In the same way that Christopher Nolan has been allowed by studios and theater owners to indulge his whim of unspooling his “unrestored” print of 2001: A Space Odyssey across the biggest screens in the country to achieve that film’s maximum visual and sonic impact, it probably would have behooved the filmmakers behind Unfriended: Dark Web to try a similar tactic: Release it as a digital-only exclusive that will only play on the slowest laptops on Earth. It proves difficult — and maybe even unfair — to judge the film outside of what is clearly its natural habitat.
Unfolding in real time across multiple online realities at once, Dark Web is about as solid and entertaining a thriller as we’re likely to get from this new-ish horror subgenre. Most of what the film is attempting pays off, and what little is unresolved by the end is left mostly to how many levels of disbelief the viewer is willing to suspend for the duration of the film. Even so, rarely do those stray threads extend beyond the standard “getting caught was part of the villain’s plan”-style tropes that are in no way exclusive to horror or even to movies. Annoying, yes, but far from distracting, which is something of a miracle in terms of what could have been. I’m even giving the film a pass on the staggering and unrelenting product placement tornado that is the constant parade of corporate logos in the forms of Facebook, Skype, Apple, Cards Against Humanity, etc. Dark Web allows them to create texture and a sense of world-building rather than become the embarrassing eyesore they’d otherwise be.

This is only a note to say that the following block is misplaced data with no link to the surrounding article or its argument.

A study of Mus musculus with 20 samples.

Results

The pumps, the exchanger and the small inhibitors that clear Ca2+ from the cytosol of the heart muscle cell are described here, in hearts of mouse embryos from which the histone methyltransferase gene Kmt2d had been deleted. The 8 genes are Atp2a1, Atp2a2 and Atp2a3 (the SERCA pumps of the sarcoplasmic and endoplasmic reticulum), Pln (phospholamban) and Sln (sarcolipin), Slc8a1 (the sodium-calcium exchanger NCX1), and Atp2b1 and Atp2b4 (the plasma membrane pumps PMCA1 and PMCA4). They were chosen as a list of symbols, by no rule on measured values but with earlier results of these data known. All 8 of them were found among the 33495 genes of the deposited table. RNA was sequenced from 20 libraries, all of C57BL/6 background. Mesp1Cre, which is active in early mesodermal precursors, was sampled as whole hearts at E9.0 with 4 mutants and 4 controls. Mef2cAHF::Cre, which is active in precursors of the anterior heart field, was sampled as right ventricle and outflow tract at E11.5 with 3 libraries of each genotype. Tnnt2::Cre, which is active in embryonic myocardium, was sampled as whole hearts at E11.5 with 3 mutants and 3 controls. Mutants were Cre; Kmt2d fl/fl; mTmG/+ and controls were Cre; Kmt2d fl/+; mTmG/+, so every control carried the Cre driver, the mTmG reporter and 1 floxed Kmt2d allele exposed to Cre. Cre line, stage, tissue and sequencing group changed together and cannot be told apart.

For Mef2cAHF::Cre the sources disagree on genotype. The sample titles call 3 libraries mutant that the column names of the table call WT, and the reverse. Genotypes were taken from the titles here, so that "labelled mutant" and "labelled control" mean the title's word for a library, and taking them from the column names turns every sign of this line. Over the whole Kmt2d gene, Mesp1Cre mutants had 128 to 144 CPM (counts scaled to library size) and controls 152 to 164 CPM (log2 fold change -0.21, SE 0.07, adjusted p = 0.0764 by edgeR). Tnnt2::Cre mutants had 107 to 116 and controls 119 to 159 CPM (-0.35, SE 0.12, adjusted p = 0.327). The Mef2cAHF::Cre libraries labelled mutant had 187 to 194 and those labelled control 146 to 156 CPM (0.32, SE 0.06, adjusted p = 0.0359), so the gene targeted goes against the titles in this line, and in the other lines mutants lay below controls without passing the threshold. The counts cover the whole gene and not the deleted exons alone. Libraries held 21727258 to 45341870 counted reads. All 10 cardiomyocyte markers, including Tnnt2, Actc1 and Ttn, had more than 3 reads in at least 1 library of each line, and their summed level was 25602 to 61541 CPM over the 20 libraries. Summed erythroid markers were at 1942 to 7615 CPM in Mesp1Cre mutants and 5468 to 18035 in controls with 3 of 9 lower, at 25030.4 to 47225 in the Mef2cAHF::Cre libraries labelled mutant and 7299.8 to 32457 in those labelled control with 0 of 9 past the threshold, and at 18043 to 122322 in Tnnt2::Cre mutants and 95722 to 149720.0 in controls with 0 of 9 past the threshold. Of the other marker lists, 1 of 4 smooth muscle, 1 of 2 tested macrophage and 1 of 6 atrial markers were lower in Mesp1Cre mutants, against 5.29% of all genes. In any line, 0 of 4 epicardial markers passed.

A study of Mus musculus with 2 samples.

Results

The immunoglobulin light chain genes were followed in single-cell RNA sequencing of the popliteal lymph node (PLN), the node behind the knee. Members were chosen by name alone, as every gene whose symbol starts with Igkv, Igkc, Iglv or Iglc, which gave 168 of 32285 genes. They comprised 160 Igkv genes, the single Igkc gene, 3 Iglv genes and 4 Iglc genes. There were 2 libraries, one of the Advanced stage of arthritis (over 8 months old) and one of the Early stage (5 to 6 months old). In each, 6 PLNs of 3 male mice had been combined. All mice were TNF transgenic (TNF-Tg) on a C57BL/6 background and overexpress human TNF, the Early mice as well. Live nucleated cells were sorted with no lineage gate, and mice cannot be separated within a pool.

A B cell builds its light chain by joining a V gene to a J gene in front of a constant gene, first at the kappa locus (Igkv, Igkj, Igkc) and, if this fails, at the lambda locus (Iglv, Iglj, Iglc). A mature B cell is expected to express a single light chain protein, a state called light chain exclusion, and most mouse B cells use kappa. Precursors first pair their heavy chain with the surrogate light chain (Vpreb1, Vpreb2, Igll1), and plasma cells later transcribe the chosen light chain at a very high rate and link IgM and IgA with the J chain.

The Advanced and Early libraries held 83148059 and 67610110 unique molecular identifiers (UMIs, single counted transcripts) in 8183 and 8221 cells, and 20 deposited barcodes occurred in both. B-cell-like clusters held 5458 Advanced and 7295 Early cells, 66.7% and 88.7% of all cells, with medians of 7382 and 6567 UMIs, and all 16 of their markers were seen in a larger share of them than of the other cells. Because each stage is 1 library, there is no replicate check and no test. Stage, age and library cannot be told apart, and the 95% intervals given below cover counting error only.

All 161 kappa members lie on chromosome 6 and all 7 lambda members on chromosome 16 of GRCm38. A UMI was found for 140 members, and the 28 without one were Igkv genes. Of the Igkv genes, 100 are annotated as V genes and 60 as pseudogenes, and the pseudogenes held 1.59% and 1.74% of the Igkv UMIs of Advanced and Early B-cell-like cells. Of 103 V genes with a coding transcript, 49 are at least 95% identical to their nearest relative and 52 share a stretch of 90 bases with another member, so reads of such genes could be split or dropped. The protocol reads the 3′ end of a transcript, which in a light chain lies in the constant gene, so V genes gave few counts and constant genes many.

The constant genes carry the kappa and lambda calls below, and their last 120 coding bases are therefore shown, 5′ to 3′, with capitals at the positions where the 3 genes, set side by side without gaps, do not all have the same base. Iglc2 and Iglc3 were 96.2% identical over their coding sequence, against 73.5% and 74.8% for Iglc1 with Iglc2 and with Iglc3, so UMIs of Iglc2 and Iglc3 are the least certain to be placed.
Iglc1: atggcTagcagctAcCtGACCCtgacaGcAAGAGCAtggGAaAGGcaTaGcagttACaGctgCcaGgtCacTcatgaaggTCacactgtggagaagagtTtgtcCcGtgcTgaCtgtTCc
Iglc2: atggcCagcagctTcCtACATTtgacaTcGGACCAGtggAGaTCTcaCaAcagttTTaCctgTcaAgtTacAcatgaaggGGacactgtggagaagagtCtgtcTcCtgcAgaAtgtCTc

The Unfriended series of films (two so far, with undoubtedly more on the way) has taken the smartest and — considering the form and structure — easiest form available and become an anthology franchise. Centered around a game night hangout session where the players slowly discover sinister things about their friend’s newly acquired laptop (our primary POV), Dark Web slowly drops its characters deeper into layers of story that I’m frankly surprised to say had me hooked from the start.
As they eventually find themselves in bigger trouble than they ever could have imagined given their circumstances, the film never lets up and only tightens the noose until it reaches a pretty thrilling extended climax. The filmmakers even released two different endings randomly to theaters. Having seen only one of them, it’s easy to guess what the other ending might be, but that doesn’t make it any less funny to me that they followed through on the threatening binary of the film’s final seconds.
The frustrating truth is that this just isn’t the most interesting type of thing to watch on a big screen. While it helps by offering up its own constant distractions — pop-ups opening and closing throughout and the follow-the-bouncing-ball cursor — rather than confuse things by letting audiences click away from it while watching, it ends up being more tedious a viewing experience than its otherwise advanced choose-your-own-adventure story should have allowed for.